TOPEKA (KSNT) — Attempts to boost response times for the Kansas Department of Labor are falling flat for some unemployed Kansans.
“You’re still not able to get through,” Vanessa Smith, of Topeka, said. “It’s not running smoother.”
The state said it’s in the process of onboarding 500 additional employees to help with the high volume of calls. However, Smith said it’s not making a difference, having to call countless times a day to get through to talk to someone and sometimes with no luck.
“I got to 90 calls and said I’m just going to keep going to 100,” Smith said. “I did. I didn’t get through.”
The department was unavailable for an interview but sent over information about their contact center and the additional 500 hires, announced in early March.
According to the department, there are 399 employees directly dealing with claims.
“As of 04/26/21, there are 506 partners working with KDOL on different projects. In terms of surge support and specialty workstreams that directly support claims work, that number is 399. For example, these partners may include UI and PUA Contact Center support, fraud operations and correspondence or adjudications. We continue to build these numbers up over time, as we have been able to expand their capacity to handle different and more complicated claims work.”Kansas Department of Labor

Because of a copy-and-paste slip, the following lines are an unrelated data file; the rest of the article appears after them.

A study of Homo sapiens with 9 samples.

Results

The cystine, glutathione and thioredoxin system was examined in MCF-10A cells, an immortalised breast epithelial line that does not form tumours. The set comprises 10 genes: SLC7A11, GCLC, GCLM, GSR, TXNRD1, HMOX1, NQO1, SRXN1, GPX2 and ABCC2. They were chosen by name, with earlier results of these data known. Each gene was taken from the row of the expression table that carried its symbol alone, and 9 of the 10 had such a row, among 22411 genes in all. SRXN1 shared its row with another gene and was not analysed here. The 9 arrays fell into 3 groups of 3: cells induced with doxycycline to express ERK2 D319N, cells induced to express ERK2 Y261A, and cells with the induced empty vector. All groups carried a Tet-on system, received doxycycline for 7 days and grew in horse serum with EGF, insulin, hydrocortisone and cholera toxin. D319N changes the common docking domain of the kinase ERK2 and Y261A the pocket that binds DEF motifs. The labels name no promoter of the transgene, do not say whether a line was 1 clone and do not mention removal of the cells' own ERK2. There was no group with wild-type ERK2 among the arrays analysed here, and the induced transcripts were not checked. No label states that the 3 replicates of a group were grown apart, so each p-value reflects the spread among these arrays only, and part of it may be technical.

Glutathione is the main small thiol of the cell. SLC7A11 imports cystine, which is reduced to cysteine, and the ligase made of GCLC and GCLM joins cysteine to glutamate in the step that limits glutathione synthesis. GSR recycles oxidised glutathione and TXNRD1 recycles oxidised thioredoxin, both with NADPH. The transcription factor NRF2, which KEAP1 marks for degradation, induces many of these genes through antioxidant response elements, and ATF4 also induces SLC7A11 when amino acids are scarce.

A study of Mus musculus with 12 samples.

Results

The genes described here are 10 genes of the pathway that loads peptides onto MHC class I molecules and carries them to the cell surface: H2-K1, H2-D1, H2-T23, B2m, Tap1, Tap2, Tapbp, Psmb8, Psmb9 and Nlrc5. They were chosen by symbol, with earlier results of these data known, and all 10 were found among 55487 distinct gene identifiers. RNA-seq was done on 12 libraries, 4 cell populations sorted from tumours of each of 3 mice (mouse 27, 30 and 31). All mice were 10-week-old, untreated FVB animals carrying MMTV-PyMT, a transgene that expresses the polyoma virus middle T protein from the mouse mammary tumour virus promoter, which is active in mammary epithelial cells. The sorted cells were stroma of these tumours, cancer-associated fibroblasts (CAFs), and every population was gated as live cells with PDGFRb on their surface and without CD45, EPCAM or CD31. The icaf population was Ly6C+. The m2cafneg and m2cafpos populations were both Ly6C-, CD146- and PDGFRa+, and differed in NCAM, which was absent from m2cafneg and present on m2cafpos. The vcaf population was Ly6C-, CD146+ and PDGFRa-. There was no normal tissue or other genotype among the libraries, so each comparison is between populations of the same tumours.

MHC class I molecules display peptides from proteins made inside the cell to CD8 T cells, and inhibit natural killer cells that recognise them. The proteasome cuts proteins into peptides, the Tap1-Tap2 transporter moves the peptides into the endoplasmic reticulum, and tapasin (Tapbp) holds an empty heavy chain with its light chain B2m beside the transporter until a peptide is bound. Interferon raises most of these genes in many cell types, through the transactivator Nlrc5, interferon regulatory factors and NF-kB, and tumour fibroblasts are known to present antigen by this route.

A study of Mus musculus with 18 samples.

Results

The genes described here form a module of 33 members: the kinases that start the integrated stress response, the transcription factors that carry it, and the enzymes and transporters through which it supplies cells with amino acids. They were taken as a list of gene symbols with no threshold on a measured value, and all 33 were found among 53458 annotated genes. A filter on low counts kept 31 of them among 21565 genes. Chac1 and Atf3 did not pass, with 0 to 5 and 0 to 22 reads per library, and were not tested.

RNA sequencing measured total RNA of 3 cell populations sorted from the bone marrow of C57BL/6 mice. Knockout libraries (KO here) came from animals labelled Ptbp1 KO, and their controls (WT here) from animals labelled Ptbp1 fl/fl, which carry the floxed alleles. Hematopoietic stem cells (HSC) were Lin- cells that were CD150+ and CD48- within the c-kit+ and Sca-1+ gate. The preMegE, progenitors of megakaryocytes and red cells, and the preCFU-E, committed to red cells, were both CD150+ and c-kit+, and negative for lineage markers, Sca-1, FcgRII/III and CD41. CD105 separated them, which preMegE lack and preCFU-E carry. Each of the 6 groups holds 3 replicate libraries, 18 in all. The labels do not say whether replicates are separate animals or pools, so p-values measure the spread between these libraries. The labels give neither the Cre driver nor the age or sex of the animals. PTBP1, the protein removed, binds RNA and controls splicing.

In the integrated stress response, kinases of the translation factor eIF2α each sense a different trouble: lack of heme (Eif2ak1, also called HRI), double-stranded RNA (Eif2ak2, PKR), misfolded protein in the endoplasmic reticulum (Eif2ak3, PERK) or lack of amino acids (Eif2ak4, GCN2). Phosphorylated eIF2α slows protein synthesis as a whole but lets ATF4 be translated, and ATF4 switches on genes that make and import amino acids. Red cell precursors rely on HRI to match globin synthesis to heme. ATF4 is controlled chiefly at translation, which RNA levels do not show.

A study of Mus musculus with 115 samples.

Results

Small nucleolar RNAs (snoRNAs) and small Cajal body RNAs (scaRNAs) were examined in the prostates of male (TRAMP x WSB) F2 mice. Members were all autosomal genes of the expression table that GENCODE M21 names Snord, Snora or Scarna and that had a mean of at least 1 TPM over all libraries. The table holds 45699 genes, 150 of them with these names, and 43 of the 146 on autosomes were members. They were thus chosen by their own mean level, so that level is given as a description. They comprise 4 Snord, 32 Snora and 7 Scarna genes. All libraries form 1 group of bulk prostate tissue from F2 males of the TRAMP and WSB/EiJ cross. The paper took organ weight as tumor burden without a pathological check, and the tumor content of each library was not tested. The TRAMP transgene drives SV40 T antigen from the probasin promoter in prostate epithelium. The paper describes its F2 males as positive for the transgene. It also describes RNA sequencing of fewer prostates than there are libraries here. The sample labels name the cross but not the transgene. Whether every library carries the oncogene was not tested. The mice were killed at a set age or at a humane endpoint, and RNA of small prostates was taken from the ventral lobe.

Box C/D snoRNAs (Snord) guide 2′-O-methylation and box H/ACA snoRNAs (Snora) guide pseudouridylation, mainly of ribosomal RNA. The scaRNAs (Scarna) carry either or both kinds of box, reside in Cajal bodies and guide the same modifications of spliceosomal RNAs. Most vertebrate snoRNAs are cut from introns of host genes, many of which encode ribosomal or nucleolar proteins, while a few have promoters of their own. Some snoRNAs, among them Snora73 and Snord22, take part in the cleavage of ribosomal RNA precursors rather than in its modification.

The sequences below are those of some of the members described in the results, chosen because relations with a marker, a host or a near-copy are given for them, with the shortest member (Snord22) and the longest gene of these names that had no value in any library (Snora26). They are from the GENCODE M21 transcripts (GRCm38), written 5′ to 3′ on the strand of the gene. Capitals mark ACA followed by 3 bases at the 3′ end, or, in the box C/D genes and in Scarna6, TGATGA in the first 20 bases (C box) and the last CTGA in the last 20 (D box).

When referring to the status of the additional partners being onboarded, the department said the additional surge staff discussed in March are a mixture of KDOL employees and Accenture partners. They said the plan is to have these additional agents and surge staff up and running, a total of about another 500, on top of the existing 450 Accenture and KDOL employees supporting claimants, deployed and on the phones beginning in mid-March and continuing through the early to mid-May.
According to the agency, a final total of how many total new Accenture partners are working with the Contact Center will not be available until that time. However, if estimates were to be counted, that would be around 950 Accenture partners working with KDOL customer/claimant service.
Although the state’s unemployment rate was announced at 3.2% in March, back to pre-pandemic levels, Smith said she doubts things are getting any better, as she continues to experience issues with calling the state’s labor office.
“I don’t see a difference,” she said. “Last Monday, I got through to them after 58 calls, so if that’s running smooth… I don’t know.”